Country First

COUNTRY FIRST…. Over the summer, the McCain campaign, after experimenting with a series of poll-tested mottos, starting emphasizing, “Country First.” It was a relatively subtle test of patriotism — McCain, the argument went, puts country first, while that other guy doesn’t really love his country.

In his acceptance speech at the Democratic convention, Barack Obama took on the motto directly:

“[L]et us agree that patriotism has no party. I love this country, and so do you, and so does John McCain. The men and women who serve in our battlefields may be Democrats and Republicans and Independents, but they have fought together and bled together and some died together under the same proud flag. They have not served a Red America or a Blue America — they have served the United States of America. So I’ve got news for you, John McCain. We all put our country first.”

And almost immediately, the motto seemed to disappear.

Today, McCain tried to revive the line, telling voters at an event in Minnesota, “That’s how we see this election: country first or Obama first.”

I’m certainly not in the habit of giving the McCain campaign advice, but I feel compelled to point out how truly vacuous this is as a slogan. The problem isn’t just that the motto is cheap and misleading — though it is cheap and misleading — it’s that the motto isn’t even persuasive.

Truth be told, McCain pretty much forfeited the whole “country first” line on Aug. 29, in Ohio, when he introduced Sarah Palin as his running mate. Conservative writer David Frum wrote at the National Review that “country first” is a “good slogan,” but added, “If it were your decision, and you were putting your country first, would you put an untested small-town mayor a heartbeat away from the presidency?”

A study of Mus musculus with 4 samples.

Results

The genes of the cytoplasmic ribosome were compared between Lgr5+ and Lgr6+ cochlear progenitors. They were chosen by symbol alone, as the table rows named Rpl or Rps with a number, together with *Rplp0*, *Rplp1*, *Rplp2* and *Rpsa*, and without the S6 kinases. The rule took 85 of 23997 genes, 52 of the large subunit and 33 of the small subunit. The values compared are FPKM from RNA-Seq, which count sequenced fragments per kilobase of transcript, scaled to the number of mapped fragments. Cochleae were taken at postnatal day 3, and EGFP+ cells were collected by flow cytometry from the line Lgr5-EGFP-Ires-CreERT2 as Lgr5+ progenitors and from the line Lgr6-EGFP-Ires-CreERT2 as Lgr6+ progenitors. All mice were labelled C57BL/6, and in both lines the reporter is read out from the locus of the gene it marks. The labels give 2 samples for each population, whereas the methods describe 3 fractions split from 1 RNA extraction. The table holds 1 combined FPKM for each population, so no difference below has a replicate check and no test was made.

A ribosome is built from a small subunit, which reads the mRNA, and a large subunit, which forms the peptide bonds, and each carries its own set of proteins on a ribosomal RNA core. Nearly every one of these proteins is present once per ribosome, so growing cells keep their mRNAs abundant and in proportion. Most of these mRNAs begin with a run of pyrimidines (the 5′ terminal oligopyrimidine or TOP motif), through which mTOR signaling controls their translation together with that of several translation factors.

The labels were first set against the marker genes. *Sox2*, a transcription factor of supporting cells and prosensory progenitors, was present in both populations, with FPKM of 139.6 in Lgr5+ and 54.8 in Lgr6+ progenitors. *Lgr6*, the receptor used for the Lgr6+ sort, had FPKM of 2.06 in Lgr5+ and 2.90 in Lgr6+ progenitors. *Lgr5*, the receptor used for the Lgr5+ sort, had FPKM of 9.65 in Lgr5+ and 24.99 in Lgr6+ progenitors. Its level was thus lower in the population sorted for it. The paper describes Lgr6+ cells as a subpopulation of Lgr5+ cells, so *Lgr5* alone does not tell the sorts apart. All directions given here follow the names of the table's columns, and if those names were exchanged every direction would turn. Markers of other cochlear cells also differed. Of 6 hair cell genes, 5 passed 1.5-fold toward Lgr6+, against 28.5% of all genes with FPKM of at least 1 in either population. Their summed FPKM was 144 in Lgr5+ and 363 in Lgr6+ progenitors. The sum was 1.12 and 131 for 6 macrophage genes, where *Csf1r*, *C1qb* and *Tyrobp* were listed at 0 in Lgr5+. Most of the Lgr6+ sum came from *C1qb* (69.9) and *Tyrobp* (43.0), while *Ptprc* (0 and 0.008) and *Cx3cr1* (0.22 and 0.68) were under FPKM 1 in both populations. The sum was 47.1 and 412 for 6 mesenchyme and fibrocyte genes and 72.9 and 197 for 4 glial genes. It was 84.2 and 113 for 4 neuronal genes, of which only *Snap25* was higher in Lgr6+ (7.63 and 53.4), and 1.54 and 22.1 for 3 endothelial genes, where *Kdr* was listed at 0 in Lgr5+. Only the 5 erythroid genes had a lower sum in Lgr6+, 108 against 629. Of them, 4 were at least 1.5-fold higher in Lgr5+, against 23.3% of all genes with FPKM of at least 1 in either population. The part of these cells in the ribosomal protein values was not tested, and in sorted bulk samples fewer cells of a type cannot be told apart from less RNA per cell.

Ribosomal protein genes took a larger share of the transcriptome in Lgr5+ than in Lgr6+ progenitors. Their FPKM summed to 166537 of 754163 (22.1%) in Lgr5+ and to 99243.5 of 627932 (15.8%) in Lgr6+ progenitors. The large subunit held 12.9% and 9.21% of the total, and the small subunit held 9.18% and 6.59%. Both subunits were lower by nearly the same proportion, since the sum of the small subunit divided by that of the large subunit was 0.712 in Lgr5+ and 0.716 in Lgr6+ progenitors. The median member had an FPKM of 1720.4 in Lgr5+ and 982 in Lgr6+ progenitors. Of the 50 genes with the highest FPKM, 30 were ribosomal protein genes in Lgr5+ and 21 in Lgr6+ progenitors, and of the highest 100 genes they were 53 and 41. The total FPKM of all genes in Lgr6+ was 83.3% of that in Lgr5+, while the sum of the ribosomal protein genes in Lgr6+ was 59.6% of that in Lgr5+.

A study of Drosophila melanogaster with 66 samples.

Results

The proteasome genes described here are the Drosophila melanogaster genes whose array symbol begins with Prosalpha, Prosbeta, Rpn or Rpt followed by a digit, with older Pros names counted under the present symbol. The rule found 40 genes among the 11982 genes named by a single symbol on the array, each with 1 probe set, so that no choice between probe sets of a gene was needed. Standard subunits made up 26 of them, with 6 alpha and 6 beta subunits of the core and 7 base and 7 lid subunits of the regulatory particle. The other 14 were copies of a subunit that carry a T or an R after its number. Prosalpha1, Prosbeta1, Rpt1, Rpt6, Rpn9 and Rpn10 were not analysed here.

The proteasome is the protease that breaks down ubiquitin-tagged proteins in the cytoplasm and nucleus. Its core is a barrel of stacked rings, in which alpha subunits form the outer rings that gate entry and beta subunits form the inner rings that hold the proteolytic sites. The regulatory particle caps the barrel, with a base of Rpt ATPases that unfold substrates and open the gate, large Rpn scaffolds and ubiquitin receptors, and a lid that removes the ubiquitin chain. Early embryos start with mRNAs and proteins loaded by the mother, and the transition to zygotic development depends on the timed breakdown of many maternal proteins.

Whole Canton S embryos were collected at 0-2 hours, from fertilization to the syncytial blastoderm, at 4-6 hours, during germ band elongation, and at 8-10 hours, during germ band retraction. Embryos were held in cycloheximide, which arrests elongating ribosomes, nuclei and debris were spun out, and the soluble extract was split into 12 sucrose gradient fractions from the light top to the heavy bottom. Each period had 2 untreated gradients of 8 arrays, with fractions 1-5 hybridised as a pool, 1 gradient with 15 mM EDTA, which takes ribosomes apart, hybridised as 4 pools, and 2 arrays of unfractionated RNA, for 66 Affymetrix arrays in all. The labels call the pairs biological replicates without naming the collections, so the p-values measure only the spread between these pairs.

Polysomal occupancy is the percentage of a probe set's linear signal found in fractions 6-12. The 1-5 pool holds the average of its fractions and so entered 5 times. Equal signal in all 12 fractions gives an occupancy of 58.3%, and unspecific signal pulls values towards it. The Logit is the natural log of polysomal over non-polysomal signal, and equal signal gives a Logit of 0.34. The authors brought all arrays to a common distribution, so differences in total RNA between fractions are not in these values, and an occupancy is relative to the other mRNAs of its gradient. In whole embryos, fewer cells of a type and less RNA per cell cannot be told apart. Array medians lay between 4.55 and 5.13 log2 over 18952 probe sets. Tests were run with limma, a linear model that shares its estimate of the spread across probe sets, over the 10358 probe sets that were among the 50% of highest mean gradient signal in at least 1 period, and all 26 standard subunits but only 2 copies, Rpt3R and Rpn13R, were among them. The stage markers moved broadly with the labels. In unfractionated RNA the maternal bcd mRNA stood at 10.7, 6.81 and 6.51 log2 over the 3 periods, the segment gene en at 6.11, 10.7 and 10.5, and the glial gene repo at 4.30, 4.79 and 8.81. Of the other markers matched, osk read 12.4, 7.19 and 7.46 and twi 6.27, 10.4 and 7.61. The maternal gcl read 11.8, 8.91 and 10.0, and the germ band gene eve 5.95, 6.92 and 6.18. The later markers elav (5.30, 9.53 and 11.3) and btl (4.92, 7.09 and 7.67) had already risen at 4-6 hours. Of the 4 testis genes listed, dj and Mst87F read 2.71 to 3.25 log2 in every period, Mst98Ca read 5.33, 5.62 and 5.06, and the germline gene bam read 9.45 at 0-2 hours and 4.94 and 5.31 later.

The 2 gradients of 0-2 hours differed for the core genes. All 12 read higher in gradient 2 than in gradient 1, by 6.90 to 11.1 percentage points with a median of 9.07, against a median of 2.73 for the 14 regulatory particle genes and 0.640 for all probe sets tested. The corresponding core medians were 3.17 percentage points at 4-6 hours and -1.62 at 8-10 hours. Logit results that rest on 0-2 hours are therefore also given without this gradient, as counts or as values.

The Washington Post’s Eugene Robinson added soon after, “[W]e are reminded, if we did not realize it before, that the three things not to expect from a McCain presidency are caution, prudence and a willingness to always put the nation’s interests above his own.”

But moving beyond this disqualifying factor, “country first or Obama first” doesn’t actually mean anything. If you’re a middle-class family in Ohio, you’re health insurance sucks, your wages have been stagnant for most of the decade, and you can’t afford college tuition for your kids, McCain is effectively telling you, “I’m patriotic, and Obama is arrogant.” It’s the height of stupidity — don’t vote for Obama, not because he’s wrong, and not because his ideas won’t work, but because he has an ego (unlike McCain, who’s running for the nation’s highest office because of his inferiority complex).

McCain was smart to move away from this “country first” inanity last month. It’s foolish to bring it back now.